Parental Responsibility Explained
Claudia Price, the Head of Frodshams Family Department explains parental responsibility.
Parental Responsibility means “all the rights, duties, powers, responsibilities and authority which by law a parent of a child has in relation to the child and its property.” This enables someone who has parental responsibility to make important decisions about the child’s life.
Do I automatically have Parental Responsibility?
All mothers automatically have parental responsibility. Fathers also have parental responsibility automatically if they are married to the mother at the time of the birth of or if they are named as the father on the child’s birth certificate.
How can I obtain Parental Responsibility as an unmarried Father?
As a father, you can obtain Parental Responsibility by:
- Entering into a Parental Responsibility Agreement with the mother
- Obtaining a Parental Responsibility Order from the Court.
If you legally adopt a child, you will immediately acquire parental responsibility.
What does parental responsibility mean?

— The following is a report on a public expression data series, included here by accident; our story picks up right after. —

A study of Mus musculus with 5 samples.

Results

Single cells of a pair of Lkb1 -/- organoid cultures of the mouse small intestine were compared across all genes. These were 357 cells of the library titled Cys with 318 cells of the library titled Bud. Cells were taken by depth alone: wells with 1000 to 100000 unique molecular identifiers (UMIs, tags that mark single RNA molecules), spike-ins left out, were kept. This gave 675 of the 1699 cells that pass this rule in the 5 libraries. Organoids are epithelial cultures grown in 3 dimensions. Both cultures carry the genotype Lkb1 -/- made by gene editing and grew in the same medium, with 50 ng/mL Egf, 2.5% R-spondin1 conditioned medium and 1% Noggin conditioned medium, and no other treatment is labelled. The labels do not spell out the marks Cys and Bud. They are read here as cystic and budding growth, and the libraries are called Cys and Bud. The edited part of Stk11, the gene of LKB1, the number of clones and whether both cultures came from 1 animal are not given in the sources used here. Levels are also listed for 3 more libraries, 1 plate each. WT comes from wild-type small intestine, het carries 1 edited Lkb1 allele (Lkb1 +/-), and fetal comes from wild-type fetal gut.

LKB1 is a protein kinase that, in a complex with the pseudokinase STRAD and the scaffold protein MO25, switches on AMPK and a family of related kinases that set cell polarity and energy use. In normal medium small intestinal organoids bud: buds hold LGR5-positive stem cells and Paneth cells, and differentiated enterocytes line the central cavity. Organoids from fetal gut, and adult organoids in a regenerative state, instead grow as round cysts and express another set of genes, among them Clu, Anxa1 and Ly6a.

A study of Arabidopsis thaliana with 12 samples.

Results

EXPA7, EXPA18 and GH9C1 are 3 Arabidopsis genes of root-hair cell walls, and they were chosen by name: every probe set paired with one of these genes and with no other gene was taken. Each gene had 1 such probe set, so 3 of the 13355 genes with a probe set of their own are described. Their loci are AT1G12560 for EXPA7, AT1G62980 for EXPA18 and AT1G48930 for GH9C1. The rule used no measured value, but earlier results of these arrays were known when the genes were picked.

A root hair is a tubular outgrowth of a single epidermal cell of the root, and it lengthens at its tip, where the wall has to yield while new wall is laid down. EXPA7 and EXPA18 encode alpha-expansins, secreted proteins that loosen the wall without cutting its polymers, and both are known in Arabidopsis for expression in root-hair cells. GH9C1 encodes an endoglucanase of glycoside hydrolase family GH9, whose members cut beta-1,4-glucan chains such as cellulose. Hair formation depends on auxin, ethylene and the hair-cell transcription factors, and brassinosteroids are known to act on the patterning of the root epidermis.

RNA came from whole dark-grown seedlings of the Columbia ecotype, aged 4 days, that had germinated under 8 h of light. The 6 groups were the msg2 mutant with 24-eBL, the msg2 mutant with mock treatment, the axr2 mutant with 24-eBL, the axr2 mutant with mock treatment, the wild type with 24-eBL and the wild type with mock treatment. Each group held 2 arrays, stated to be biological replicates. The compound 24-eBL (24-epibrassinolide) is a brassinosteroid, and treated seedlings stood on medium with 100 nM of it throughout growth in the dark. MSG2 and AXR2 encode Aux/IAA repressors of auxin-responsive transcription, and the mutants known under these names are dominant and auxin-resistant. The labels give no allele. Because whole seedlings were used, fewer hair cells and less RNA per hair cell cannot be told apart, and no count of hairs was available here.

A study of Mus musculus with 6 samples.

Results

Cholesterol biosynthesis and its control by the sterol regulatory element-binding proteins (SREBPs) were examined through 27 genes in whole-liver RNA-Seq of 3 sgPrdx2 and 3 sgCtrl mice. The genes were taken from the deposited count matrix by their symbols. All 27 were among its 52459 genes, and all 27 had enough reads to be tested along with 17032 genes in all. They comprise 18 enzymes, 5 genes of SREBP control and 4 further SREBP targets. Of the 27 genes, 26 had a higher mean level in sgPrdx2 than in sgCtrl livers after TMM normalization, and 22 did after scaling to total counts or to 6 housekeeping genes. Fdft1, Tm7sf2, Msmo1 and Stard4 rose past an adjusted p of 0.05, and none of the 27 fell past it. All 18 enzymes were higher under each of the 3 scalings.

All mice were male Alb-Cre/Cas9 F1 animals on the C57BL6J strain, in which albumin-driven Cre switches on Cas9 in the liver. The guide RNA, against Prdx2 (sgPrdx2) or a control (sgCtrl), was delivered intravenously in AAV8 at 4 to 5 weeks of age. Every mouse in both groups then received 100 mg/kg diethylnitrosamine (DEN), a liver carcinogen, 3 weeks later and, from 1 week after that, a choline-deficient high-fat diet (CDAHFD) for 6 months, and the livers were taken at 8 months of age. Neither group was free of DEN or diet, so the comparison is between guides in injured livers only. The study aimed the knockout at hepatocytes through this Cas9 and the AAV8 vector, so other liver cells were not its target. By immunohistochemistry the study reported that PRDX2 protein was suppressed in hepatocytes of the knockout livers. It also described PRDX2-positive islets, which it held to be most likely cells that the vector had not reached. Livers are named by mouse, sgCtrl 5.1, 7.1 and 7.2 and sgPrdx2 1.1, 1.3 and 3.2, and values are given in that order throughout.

Parental responsibility means that you are responsible for ensuring that your child’s health and wellbeing needs are met. You will also be responsible for making important decisions in the child’s life, in respect of their education, health and ongoing daily needs.
If both parents have parental responsibility, however, are unable to reach agreement upon an important decision within the child’s life, mediation would be the next step in an attempt to resolve matters or narrow the issues. If, however, mediation is unsuccessful, you can apply to the Court for a Prohibited Steps Order or a Specific Issue Order. The Court will then decide on your behalf, which will be in your child’s best interests.
Can Parental Responsibility be removed?
Parental Responsibility comes to an end when the child reaches 18 years of age.
If the child is under 18, the only way to remove Parental Responsibility is by a Court Order. It is extremely rare that the Court will remove Parental Responsibility from a parent as there has to be exceptional circumstances. However, the Court will weigh up what is necessary to protect the child’s wellbeing.
If you have any queries in respect of your circumstances, please call the office on 01744 626 600 and ask to speak to one of our Family Law Experts, email email@example.com or visit www.frodshams.co.uk to arrange a confidential discussion.
At Frodshams Solicitors, whatever your needs, you can rely upon us to provide legal excellence delivered with care.